Le Songe d’une nuit d’été

My first thought after having seen ‘Le Songe d’une nuit d’été’ was: wow.

Based on Shakespeare’s ‘A Midsummer Night’s Dream’, the ballet interpretation is an innovative performance. With complex choreography and an incredibly potent score, this is one of the superior modern ballet performances that I have seen.

Mellifluous movement, polyrhythmic choreography, sophisticated scenery, vividly imagined costumes and the perfect music score combined to make this a spectacular performance. Titania, danced by Yu Otagaki, is a mischievous and elegant character. Her fancies aid her coquettish movement and she seems to defy gravity with mid-fall pauses, as if resting on particles of air. Her counterpart, Oberon, danced by Joseph Aitken, was a strong, imperial and graceful character. As a duo they were interdependently harmonious and a regal couple.

When watching the dancers you almost forgot about the music, so fluent and perfect an accompaniment was it. In fact, it reminded me of the records you used to hear being played. The orchestration was faultless with perfected dynamics which only enhanced the performance of the dancers.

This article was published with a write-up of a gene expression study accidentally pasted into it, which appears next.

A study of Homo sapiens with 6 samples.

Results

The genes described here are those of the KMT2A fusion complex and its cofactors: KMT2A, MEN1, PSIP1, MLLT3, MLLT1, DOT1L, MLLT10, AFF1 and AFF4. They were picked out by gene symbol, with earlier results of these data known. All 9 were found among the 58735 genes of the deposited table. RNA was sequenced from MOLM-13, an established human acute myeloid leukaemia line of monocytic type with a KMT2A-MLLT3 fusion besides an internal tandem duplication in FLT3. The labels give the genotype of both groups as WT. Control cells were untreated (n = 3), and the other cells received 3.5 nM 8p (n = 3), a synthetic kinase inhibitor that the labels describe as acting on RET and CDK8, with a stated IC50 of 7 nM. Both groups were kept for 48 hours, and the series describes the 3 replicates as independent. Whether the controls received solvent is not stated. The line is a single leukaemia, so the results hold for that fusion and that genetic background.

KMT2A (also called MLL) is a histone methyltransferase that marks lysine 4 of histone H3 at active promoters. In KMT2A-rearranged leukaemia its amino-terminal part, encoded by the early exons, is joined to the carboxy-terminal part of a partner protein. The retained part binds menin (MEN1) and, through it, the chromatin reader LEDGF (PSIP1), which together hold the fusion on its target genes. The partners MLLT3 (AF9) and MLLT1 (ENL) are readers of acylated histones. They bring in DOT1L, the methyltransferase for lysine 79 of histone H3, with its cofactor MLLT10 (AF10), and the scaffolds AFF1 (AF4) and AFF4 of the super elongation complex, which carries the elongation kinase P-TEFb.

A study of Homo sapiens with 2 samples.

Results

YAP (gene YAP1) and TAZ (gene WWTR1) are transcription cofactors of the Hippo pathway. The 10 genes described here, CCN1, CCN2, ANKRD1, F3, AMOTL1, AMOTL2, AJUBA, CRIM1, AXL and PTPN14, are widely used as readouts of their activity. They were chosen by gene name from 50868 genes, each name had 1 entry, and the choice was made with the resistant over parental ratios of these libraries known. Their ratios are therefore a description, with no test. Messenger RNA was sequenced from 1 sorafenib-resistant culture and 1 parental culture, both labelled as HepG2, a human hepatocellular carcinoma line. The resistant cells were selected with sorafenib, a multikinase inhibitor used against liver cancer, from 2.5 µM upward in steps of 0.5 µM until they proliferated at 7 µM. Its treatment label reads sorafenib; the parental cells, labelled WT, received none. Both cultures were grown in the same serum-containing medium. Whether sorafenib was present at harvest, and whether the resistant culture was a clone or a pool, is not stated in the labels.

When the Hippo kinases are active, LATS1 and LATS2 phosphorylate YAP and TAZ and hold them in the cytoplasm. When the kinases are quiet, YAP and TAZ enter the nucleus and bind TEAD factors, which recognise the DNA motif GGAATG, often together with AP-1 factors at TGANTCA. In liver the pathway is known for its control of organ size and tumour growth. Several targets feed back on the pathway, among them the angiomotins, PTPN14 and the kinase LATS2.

The scenery was innovative. Set in a forest, the costumes echoed the revolving idea of nature with billowing folds of costumes and skin-coloured leotards. The lights, too, danced across the stage, following the twirls of every ballerina and catching their steps as they flew across the stage. The special effect of the mini explosion of lights caught the audience’s attention. Indeed, at no point could you hear a sigh from the audience: every moment was tense with suspense.

It is good that the audience is kept focused for at times the choreography becomes a little complicated, and so it is easy to lose the plot. However, this creates part of the excitement at watching the drama unfold before you. The ‘trois comediens’ were truly hilarious, with a modern twist of underlying homosexual tones, and set the audience with broad grins spreading across their faces.

As one sways to a waltz, so the audience was captivated by the euphonic music and elegantly lively movements of every ballerina. Sadly the performance is no longer running in Geneva but the taster above will hopefully inspire you to follow the company for the next show, which should fill you with awe, admiration and happiness. For any ballet aficionado, ‘Le Songe d’une nuit d’été’ is a performance that one must go see.

For more performances at the Geneva Opera house, visit their website here.